This article was originally published on the Dengue Vaccine Initiative's blog and is cross-posted here with permission. IVAC is a member of the Dengue Vaccine Initiative. (DVI)
Earlier this year, DVI convened the Americas Dengue Prevention Board along with scientists, global health experts, mathematical modelers and representatives of dengue vaccine manufacturers to discuss updates in dengue vaccines and vaccine introduction. Held in Bogota at the Colombian National Institute of Health (Institituto Nacional de Salud – INS), the meeting was instrumental given the new available clinical trial data, particularly the results of the first Phase 3 trials ever completed for a dengue vaccine candidate. These results demonstrated that a safe and effective dengue vaccine is feasible.
A mosquito that costs over $2 billion
Dengue, caused by a small mosquito with black and white striped legs, is the most widespread vector-borne disease in the Americas. In 2013, cases and deaths nearly doubled those of previous years in the region. The southern cone reported the highest incidence rate of cases, but the Andean region reported the highest number of severe cases. The burden of dengue in the Americas has been estimated at more than $2 billion dollars, from hospitalization costs to loss of productivity, representing a significant threat to the wellbeing of the region.
A safe and effective vaccine can help reduce this threat. While the decision to introduce a dengue vaccine can only be driven at the country level, such decisions must be based on sound evidence. DVI Dengue Prevention Board Meetings seek to share and update existing dengue knowledge and identify gaps to ensure countries have scientific, objective data to make informed public health decisions proactively, before a vaccine becomes available.
An open forum to share dengue knowledge –-and its gaps
With this objective in mind, the meeting offered an open forum where participants revisited the minimum requirements for successfully launching a dengue vaccination program among other crucial dengue topics.
On the first day, they reviewed the status of dengue vaccine development with representatives of the manufacturers of the five vaccines in clinical trial (Butantan/NIH, GSK/Fiocruz/Walter Reed, Merck, Sanofi Pasteur and Takeda). They also discussed the applications of mathematical modeling for predicting the impacts of dengue vaccination.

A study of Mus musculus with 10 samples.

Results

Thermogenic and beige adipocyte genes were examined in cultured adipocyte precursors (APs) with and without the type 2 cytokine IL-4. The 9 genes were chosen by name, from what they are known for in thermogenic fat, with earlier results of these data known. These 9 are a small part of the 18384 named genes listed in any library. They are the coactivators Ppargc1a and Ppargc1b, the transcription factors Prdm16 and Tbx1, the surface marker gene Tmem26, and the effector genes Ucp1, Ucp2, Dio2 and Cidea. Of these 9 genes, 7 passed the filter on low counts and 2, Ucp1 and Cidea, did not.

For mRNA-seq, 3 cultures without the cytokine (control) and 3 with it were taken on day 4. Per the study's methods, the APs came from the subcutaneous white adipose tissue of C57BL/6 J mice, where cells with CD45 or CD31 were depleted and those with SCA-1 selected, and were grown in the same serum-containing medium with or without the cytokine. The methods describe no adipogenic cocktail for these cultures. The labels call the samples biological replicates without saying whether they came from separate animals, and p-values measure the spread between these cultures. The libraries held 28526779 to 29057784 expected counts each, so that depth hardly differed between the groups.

On the second day, country representatives presented the current dengue situation in their homeland and perspectives on dengue vaccine introduction and use.
Finally, the meeting broke into groups to assess considerations for vaccine introduction. The Board then met separately to draw conclusions. The meeting ended with the closing remarks of the Colombian Ministry of Health, who highlighted the spread of dengue and the urgent need to stop it.
The Board noted the critical importance of linked disease surveillance and vaccination registries to monitor coverage and vaccine effectiveness, as well as monitoring for vaccine safety. They also urged the standardization of age groups and case definitions of dengue disease across countries in the region to enable comparisons. They called for further analyses to understand how a limited supply of vaccine might best be utilized in the first year(s) of vaccine introduction. They affirmed the importance of the Pan-American Health Organization (PAHO) for supporting vaccine introductions, particularly through activities such as issuing recommendations for laboratory-based disease surveillance in the region, with an aim of standardizing the diagnostic tests.
In 2007, PDVI (Pediatric Dengue Vaccine Initiative—DVI’s precursor) established two regional Dengue Prevention Boards (DPBs) — one for Asia and one for the Americas. Members of the boards include medical and public health experts, opinion leaders and policy makers from countries in their respective regions. They meet once a year to advise on dengue surveillance, diagnostics, vaccine introduction and communications.
All reports on DPB meetings are published in the DVI website to inform dengue and global health stakeholders.